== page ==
Linear Harmony #3 – From Point A to Point B

Let your counterpoint guide you and write from the top down. Don’t worry about chords until it sounds good. Think about the beginning and the end of the phrase and how you want to get from point A to point B.

The “A” motif in my composition “D Tune” (Ex. 1) is only three notes (A, F#, E)  and two chords (D, A7). Since I stretch this melody out a few times in this piece, I have some space to fill. I wanted to experiment with ways to move to the V7 chord, and counterpoint and nice lines that create linear tonal movement can fill the space between chords, and provide musical tension and harmonic motion.

D Tune Melody

Ex. 1) The first melodic motif, the “A” melody from in “D Tune”.

The first time through the tune, beginning at M. 90, the A motif is played twice, first stretched to 9, and then to 10 measures, with a counterline accompaniment beneath. In the below reduction (Ex. 2) I’ve some chord changes, but there are a lot of question marks. The overall motion, however, is I to V (audio examples follow the score excerpts:)

DTune A

Ex. 2) Harmony is implied by the two voice counterpoint and the improvised bassline. In some case the real name of the chord is subjective, as the lines themselves drive the harmonic motion without a distinct chord progression.


Ex. 3 is the first 8 bars from the the second section, measures 135-142. The A melody is in the second to top voice, a new counter melody on top, some of the same counterline below. With three voices and a bass, interesting harmony starts to happen:


Ex. 3) By using a linear approach to harmony one is able to fill a lot of space with few chords, and in this tune there are just a two few specific chords (D in M.135 and A in M.142) an and some implied harmonies in this excerpt.


The next A melody phrase (Ex. 4, M. 143-152, below) is much denser. Cross-doubling and moving unisons emphasize and widen the sound of the counterpoint, and the high voice “D” melodic pedal-point (see my earlier post) rings out. Between the high “D” pedal, and the two note A-F# melody, there’s a strong feeling of D major. Or is there? It’s almost as if the D major chord is pedal point, or a background wash, with the harmonies below layered on top. This time the voices move down and almost force the V chord (which has a pretty bizarre voicing):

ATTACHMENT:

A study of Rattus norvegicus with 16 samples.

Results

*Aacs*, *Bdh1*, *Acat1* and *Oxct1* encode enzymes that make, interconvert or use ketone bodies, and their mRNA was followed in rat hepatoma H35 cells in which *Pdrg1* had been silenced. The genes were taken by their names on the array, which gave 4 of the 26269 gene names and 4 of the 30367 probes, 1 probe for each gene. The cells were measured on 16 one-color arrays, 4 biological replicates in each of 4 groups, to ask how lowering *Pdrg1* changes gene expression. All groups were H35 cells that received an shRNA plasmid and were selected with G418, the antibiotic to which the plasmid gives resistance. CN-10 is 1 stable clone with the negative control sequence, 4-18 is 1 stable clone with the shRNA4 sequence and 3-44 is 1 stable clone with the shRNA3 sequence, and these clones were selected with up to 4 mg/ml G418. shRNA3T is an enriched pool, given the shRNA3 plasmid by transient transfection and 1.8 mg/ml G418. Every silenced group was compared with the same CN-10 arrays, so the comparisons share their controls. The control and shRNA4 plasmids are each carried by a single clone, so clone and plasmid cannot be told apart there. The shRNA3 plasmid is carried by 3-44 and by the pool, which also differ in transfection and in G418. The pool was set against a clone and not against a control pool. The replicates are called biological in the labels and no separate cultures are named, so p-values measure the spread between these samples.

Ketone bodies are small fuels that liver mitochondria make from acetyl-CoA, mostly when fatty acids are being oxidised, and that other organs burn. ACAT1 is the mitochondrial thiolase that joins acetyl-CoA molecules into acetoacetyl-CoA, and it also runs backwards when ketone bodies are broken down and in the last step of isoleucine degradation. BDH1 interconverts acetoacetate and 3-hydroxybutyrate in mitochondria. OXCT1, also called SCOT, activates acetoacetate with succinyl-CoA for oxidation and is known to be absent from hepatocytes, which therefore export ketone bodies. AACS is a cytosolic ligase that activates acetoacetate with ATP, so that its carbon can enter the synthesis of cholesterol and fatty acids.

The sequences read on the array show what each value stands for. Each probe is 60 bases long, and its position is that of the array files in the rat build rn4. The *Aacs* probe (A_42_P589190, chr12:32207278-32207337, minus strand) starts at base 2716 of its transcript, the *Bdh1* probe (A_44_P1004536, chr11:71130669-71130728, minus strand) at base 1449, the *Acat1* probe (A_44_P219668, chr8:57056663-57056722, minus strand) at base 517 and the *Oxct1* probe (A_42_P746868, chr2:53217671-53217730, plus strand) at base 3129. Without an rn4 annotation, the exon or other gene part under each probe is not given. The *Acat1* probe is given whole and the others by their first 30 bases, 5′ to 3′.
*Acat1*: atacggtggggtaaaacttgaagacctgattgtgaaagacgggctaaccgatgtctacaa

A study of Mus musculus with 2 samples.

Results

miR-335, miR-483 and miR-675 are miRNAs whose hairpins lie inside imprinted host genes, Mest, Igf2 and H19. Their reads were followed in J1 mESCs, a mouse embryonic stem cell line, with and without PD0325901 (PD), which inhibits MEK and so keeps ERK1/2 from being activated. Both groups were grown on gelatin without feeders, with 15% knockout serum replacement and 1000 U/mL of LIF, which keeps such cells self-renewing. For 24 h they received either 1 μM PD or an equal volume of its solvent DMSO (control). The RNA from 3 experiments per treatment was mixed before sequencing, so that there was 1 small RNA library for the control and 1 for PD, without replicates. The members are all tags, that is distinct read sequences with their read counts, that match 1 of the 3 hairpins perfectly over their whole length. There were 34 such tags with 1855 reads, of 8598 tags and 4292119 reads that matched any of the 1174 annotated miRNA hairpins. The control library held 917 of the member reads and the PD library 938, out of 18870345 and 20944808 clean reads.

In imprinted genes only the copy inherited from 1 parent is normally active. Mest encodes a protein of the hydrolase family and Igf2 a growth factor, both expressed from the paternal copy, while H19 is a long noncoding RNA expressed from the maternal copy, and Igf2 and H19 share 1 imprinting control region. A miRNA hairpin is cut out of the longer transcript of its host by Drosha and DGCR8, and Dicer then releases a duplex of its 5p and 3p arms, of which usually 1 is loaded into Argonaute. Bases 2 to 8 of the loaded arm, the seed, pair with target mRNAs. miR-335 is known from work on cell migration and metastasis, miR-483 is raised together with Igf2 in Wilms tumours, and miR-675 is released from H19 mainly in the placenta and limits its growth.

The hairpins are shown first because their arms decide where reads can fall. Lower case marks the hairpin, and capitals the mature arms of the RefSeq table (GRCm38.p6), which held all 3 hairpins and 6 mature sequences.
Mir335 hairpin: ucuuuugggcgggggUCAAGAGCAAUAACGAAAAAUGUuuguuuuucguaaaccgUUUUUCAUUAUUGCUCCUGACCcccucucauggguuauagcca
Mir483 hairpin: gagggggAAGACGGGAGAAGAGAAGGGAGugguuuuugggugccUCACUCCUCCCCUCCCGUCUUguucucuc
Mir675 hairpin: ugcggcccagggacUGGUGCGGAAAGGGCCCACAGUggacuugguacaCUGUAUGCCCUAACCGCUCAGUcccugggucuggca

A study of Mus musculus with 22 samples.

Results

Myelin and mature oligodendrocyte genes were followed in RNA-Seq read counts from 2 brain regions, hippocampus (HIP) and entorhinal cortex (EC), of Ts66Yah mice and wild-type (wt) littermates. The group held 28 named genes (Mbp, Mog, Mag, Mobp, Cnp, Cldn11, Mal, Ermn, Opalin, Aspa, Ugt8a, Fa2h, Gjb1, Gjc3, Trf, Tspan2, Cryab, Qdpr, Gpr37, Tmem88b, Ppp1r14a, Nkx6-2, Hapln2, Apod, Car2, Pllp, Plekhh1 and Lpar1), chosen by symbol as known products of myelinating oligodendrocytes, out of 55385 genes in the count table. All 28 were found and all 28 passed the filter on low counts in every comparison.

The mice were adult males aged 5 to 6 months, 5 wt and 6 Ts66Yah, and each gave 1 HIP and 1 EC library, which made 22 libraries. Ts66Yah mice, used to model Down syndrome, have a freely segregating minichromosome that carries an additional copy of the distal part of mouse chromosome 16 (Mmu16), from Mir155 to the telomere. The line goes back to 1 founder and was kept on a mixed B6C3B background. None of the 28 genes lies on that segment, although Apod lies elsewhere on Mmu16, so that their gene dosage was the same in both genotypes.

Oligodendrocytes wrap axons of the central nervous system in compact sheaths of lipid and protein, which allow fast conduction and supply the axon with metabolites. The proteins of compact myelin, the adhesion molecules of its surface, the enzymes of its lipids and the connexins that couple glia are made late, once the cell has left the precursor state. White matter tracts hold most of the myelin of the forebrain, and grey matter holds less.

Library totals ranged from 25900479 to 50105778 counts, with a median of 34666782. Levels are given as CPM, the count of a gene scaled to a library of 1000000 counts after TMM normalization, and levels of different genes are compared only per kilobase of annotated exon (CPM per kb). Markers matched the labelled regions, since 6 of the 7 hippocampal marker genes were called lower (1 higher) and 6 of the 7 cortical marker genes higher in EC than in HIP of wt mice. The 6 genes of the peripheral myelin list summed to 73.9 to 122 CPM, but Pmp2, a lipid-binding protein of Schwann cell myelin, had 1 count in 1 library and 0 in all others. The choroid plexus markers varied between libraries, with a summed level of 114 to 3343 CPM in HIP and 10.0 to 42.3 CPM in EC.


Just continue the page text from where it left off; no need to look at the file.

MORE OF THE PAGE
Ex. 4) The “A” motif is the second voice from the top (red arrows), and things happen around it. Dotted red lines show one of the strong linear movements (M. 151-2); these two tritones imply a circle of 5th resolution, with contrary movement in the outer voices. Throughout this excerpt chords form and disperse. Hopefully it all makes sense to the ear, but no matter–for if your counterpoint is good, and each part is melodic, pretty much anything is possible. The “chords” that form don’t make sense in a traditional harmonic way. Plus there are some chords that don’t make any sense, or impossible to name. As long as the lines make sense anything is possible.


The chord symbols in Ex. 4 don’t really make sense, but you can see the common tones strong voice leading, and a widening voicing scheme with contrary motion in the outer voices, all moving ahead to the V7.


Let your counterpoint guide you and write from the top down. Don’t worry about chords, write what sounds good. Think about the beginning and the end of the phrase and how you want to get from point A to point B. Techniques like this are ways to do something different from writing a melody with block chord accompaniment and chord changes.

This type of linear harmony and voice movement might set you free from traditional chords, and hopefully answer some of the questions you ask yourself as you face that blank page.

 The full score of both examples:

A score of the full piece and a rehearsal demo:

Click for “D-Tune” PDF Score

About Scott Healy

LA composer and performer.
This entry was posted in Harmony, Jazz Composition and Analysis, Jazz Theory, Linear Harmony, Theory and Harmony and tagged , , , , , , , , , . Bookmark the permalink.